5 graduate careers you’ve probably never considered

Henry Wisbey-Broom
PR & Communications Manager

One of the first things you learn about the job market after graduating is that it’s much broader than you’d been expecting.

It can be easy to leave university with the idea that it’s grad scheme or bust – that unless you grab a spot on a training programme in a recognisable industry as soon as possible, you’re just going to spend your time waiting for the next year’s round of applications to open. 

But that’s not the case. There’s an endless number of roles out there that you probably didn’t know existed, in industries you may never have heard of. And the best part? They’re hiring. 

The world of work is changing quickly, with the rise of new technologies, methods of communication, working practices and business models. Each innovation and change brings with it new positions that are waiting to be filled, one of which might be exactly the thing you didn’t know you were looking for.




Here are 5 roles and industries that you probably didn’t know existed, but should definitely consider in your job hunt.


1. Search Engine Optimisation

Commonly abbreviated to SEO, search engine optimisation is all about improving a site’s rankings in search engine query results. The role can take a variety of forms, from specialising in the backend coding necessary to make a site search engine-friendly, to front-end content creation and outreach. As such, SEO can be a great fit for graduates and trainees from a variety of disciplines, from computing to English literature.

The two main routes into the industry, much like in traditional Marketing, are agency or in-house. Digital marketing and SEO agencies are generally able to provide more comprehensive training and a more team-based working environment, while managing SEO in-house for a single company gives you the chance to create your own strategy and take real ownership of your work. It’s also a role well-suited to remote working.


2. Social Media Manager

Already run a popular Facebook group focusing on pictures of good doggos? Spend your evenings live tweeting Love Island? Social media management may be for you. 

The role combines a variety of skills, including content creation, graphic design, and customer research, and is based on helping businesses nurture and grow their online communities. Fifteen years ago nobody had a Social Media Manager, and now almost all large blue-chip companies have entire teams dedicated to curating their digital presence.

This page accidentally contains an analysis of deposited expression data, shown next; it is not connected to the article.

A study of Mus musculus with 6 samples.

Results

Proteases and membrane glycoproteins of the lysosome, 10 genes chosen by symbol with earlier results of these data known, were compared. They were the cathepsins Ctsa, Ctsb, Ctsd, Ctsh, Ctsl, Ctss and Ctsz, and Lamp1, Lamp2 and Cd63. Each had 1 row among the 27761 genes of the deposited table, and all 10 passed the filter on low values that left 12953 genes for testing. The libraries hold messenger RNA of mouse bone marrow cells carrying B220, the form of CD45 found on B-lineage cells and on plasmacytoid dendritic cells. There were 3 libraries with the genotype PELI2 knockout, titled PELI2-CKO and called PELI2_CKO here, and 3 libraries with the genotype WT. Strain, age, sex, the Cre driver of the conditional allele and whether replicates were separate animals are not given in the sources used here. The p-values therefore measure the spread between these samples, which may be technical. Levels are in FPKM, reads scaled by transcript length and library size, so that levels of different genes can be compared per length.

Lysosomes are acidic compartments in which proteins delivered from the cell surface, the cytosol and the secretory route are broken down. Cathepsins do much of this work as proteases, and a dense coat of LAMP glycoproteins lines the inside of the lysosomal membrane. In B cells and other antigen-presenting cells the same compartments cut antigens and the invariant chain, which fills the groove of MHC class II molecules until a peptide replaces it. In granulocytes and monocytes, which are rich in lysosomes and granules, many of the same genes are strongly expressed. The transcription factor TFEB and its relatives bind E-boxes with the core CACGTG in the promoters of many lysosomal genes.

Similar to SEO, the role’s youth and its variety means that employers take graduates from a host of different disciplines. It also helps to have a well-kept social media presence yourself, and having a significant number of followers proves you already have the skills the role requires. 


3. Coworking Community Manager

Coworking is, as its name suggests, all about community. Coworking spaces are offices that lease out shared spaces to different companies who all use the same facilities and desks, with the aim to promote an exchange of ideas, talent and knowledge. Community managers are there to facilitate this process.

Depending on the company, this position can have a variety of responsibilities and functions. The role will generally require a confident communicator who’s organised and creative. No two days will be the same and, though you’ll have fixed responsibilities, it will ultimately be up to you and your team to create that sense of community. 

Again, employers tend to draw from a range of different degree disciplines, but previous Sales or Communications experience will definitely work in your favour. 


4. Executive Search

Also called Headhunting, Executive Search is a specialised Recruitment service focusing on company executive and board level roles such as CEO or CFO. The role requires a confident communicator who’s able to quickly understand the industry they’re searching in and the complexities of the positions they’re looking to fill. 

There are two main paths that most graduates take, either working for one of the larger multinational executive search firms or going into a boutique consultancy, which tend to specialise in an industry or collection of industries. 

The breadth of industries and positions worked across means that executive search roles are open to graduates from many different degrees, although there is an emphasis on strong research skills, communication and the ability to absorb information quickly.  


5. Market Research Analyst  

Market research analysts primarily collect, collate and analyse data that informs company decisions. The role exists in almost all industries, and the particular qualification priorities will differ according to business type. 

The statistical nature of the position does mean that Maths, Economics and Statistics graduates are favoured, although employers often hire from social science subjects that place a premium on research, including Sociology, Psychology and Anthropology particularly for qualitative rather than quantitative research roles.


Henry is Head of Public Relations & Communications at Free Office Finder. He writes about office space, coworking and the changing nature of working life.